Mill’s “On Liberty”
Type 1: Focused Summary
John Stuart Mill provides a central argument throughout the text that compares liberty and authority, and people and society. Chapter 1 begins with the topic of tyranny by political rulers. Mill explains that this could be sometimes seen as dangerous, as they have the power to use against their subjects, who did not vote them in. To combat this and avoid tyranny, the people set their own boundaries: gaining liberties, or rights, that can not be infringed on and secondly constitutional checks. People eventually wanted their leaders to be chosen delegates who reflect their views so there is a lesser chance of tyranny. He then, however, uses this as an opportunity to showcase how those delegates may not always best serve the people, but create a tyranny of the majority of powerful people. Not only can the majority oppress the minority, but the values of some can project on to the individuality of others. He states that all men are subject to their own views and beliefs, but that one should not subject someone else to those beliefs. The only time in which this is acceptable is for self-protection when that person’s actions are potentially harmful. Coercion is not acceptable, and you may only reason with another person.
He continues to pursue the idea of Utilitarianism in which the best thing to do is the thing that provides the greatest positive outcome for the greatest number of people. The idea that if someone is going to cause harm, society can punish him for the greater good. He also promotes the three ideas that outline everyone doing what is best for them, as long as it does not infringe on anyone else and allows everyone else to do the same. First, the domain of consciousness, secondly the liberty of tastes and pursuits, and thirdly the freedom to unite. These liberties all allow people to each focus on the greater good by pursuing their own good and allowing others to do the same.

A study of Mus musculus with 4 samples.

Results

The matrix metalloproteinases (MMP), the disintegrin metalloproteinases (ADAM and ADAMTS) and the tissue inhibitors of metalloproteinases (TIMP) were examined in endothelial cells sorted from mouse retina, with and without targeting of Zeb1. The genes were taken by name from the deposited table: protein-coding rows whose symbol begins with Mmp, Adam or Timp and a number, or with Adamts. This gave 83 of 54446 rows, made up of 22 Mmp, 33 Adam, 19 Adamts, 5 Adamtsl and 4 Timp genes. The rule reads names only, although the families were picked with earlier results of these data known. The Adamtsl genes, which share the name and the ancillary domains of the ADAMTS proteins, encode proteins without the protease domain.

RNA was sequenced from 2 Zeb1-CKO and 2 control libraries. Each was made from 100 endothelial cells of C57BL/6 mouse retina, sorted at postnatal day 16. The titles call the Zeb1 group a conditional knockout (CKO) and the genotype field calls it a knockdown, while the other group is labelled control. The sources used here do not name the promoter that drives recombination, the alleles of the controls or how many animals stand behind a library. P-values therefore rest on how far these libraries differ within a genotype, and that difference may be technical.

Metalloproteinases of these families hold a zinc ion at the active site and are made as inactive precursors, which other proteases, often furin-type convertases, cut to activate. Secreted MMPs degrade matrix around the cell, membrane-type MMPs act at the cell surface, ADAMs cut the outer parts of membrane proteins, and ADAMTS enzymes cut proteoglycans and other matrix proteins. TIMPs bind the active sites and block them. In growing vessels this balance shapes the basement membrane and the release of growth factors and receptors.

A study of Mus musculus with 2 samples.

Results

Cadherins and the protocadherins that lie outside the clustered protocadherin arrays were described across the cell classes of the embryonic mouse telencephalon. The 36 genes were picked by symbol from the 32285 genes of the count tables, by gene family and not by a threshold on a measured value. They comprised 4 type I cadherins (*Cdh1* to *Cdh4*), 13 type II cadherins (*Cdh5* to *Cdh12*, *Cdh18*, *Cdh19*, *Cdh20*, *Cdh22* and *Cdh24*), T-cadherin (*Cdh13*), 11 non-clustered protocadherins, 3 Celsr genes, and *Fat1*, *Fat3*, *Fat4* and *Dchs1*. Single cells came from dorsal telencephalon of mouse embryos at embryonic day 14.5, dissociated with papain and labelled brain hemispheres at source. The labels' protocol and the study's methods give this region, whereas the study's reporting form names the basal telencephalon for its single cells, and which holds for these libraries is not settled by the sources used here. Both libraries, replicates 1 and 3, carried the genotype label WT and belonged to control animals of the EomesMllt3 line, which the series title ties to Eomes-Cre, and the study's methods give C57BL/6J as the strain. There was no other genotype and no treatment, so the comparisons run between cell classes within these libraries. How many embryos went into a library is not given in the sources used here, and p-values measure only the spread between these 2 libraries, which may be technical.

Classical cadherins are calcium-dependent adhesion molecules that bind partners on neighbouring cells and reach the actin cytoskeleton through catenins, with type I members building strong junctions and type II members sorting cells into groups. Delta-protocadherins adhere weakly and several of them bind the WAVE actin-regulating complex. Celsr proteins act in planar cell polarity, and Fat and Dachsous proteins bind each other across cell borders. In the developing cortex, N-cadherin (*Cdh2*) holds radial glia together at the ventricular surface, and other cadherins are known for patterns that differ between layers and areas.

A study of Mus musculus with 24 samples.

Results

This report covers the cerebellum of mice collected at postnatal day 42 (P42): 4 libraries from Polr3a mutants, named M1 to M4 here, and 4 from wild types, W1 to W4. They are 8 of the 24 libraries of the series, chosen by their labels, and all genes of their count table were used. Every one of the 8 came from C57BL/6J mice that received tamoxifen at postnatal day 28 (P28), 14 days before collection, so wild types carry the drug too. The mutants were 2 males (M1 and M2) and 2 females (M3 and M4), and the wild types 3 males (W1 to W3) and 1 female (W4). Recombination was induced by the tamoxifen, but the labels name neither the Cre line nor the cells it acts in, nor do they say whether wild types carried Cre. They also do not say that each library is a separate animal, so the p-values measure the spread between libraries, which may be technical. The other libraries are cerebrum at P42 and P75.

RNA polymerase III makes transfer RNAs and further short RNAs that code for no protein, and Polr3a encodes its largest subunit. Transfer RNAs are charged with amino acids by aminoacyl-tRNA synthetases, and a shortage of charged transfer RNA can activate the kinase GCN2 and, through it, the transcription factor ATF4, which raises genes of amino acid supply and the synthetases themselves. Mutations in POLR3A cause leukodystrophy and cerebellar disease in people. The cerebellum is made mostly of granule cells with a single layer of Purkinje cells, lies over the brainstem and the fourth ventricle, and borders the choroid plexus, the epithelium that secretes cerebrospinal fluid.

This reminds me of the current debate of political parties in the United States. Each party seems to be trying to promote their own ideas rather than actually compromising and looking towards a more socially and economically acceptable future. That being said, many people infringe on other’s happiness and rights rather than focusing on their own achievements and growth which is a huge issue, and people could benefit from Mill’s ideas.
In chapter 4, Mill seems to be touching on the idea of societies power over individuality. He states that no one knows oneself better than themselves, and no one has better interest in a person than themselves. He states that people should not make comments towards people that infringe on their liberty, yet because they have their own liberty, may exercise that right. It seems to me that here he is stating that people should be able to point out the discrepancies in other people’s behavior and call out what they do not like, legally, but can not hold someone back from doing what they wish in life. If I am reading into this right, I agree with what he is saying. I think this relates to current topics and debates such as abortion or marijuana. Many people have different beliefs, but is to no harm of anyone else what an individual does because it does not affect them. People are entitled to their opinions, yet they should not be allowed to determine the track of another persons life, because that person has their own best interest in mind.
In chapter 5, he begins pg 185 with the example of the drunk man. Being drunk in itself is not a crime, but causing harm while drunk is the crime. This person is subject to punishment- not for being drunk, but for committing a crime. This does not subject all drunk people as committing a crime. He touches next on the idea of free personal will. That someone persuading someone to do something is not their fault because that person will do it with their own will. However, when the persuader profits off of promoting bad decisions, it gets questionable. But in the end the bad decision is reflected on the person who committed it. There is still a question of who should be punished, and if certain things should be characterized as an evil or as an infringement of liberty. This last chapter confused me a little but I believe his main idea is that people should only be held accountable for actions that concern other people.